NORTH TAMPA — It's spring, and almost as old as high school is the rite of passage known as senior prom.
Kids pair up. Girls model floor-length gowns. Guys strut around in rented tuxedos. Maybe they have a drink or two. Some arrive at the venue in limos — at least they're not driving, right?
Still, it's a school event and the legal drinking age is 21.
So what do you do when the swagger becomes a stagger?
Officials at Chamberlain High School faced that dilemma in the aftermath of their March 26 soiree at Tampa's Lowry Park Zoo.
We were tipped off by an irate reader who had heard a group of offending students got a slap on the wrist — not even that, in fact, as their suspensions were withheld for lack of any Breathalyzers.
A Chamberlain student I know confirmed there was some drunkenness at the event.
Who's to say if it was more or less than you'd find at any prom?
The incident in question went down like this, according to school district officials and the Tampa Police Department, which had an off-duty officer working security that night:
A group of kids arrived in a limo. It appeared that some were inebriated. Feeling no pain — except for one, who became ill. You might say he produced evidence of his drinking.
The adults sprang into action.
They tended to the student to make sure he was not injured or in need of emergency medical treatment.
And they called parents. Some teens were sent home. No prom for them. And they were warned of dire consequences back at school.
Police Officer David Hancock did not report the incident to headquarters because he saw no probable cause of a crime, according to department spokeswoman Janelle McGregor. Nor did he find grounds to administer breath tests.
He did have a look inside the limo. But by that time, it had been cleaned, top to bottom. The proper course of action, he determined, was to allow the school to handle things administratively.
Fast-forward to Judgment Day at Chamberlain. No one could say, with certainty, who had taken a drink and who had, as the saying goes, "just said no." The unlucky one with the weak stomach was suspended. Everyone else went on to face whatever consequences waited at home.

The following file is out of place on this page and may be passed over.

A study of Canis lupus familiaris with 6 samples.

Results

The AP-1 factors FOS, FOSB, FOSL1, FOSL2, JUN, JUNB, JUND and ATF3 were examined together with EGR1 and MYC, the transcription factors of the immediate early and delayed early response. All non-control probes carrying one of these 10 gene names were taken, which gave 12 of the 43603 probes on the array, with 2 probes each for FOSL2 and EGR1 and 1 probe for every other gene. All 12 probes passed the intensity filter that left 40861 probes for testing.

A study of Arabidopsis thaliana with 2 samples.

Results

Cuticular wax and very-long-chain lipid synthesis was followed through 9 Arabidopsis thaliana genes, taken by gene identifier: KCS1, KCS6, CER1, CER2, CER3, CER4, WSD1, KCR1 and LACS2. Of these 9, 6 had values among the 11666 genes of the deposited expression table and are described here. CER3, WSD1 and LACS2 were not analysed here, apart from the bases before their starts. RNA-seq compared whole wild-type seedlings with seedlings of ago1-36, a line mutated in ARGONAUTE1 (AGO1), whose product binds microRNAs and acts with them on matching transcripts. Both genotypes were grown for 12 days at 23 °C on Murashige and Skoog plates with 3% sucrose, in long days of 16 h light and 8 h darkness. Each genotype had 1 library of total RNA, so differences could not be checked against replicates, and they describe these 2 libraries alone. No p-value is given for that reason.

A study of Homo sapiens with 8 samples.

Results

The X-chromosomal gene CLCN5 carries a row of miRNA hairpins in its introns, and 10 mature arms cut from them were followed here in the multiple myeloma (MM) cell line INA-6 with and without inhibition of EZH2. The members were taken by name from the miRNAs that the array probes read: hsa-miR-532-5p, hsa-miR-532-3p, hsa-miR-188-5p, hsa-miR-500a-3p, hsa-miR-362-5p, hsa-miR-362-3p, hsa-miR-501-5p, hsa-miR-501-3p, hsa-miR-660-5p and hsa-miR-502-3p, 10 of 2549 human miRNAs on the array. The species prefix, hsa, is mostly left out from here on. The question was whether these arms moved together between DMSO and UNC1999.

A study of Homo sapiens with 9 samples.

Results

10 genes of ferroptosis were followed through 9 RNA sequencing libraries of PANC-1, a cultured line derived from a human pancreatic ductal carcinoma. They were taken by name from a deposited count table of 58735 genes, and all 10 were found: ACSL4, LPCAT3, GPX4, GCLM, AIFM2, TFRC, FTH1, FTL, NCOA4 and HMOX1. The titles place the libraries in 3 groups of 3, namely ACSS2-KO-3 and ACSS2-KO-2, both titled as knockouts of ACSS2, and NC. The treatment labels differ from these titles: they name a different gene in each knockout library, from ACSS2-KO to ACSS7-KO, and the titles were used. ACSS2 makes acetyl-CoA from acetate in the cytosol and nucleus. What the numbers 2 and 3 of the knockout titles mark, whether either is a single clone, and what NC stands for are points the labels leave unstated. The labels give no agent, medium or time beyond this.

"I did what I felt was in the best interest for my students," principal Thomas Morrill said in an e-mail. He denied trying to keep the matter quiet, as our tipster had alleged.
That's encouraging. Speaking as a parent, a cover-up is the last thing I would want to see. If anything, the incident should serve as a conversation starter. College-bound seniors need to be fully informed about this most popular campus pastime.
Hancock's role is interesting, as he is also the school resource officer at Chamberlain. He declined to be interviewed, allowing McGregor to speak on his behalf.
I have to assume he is somewhat friendly with the kids and the administration. The way McGregor sees it, Hancock's familiarity with the kids and the adults made him a better judge of the severity of the matter.
Still, I wonder if Hancock wishes he had inspected the limo when it arrived. Is that something they routinely do at proms? If not, should they?
I know that when my kids go on a school orchestra trip, I have to drop their luggage off the night before for inspection. I have to sit through a grueling meeting where the kids and I are regaled with horrible fates that await them, should they even think about indulging in a controlled substance. Are kids advised, pre-prom, of this kind of no-tolerance policy? Or would that be considered extreme?
As children become teenagers, hurtling into young adulthood, the questions become almost Talmudic. Is it all right to allow them to drink in moderation, notwithstanding the law? Is that the best safeguard against binge drinking? And if an otherwise model student knocks back a few on prom night, how much punishment do we want to inflict?
I suppose the answer lies somewhere between looking the other way — and building a better mousetrap in time for next year's prom.
Marlene Sokol can be reached at (813) 226-3356 or firstname.lastname@example.org.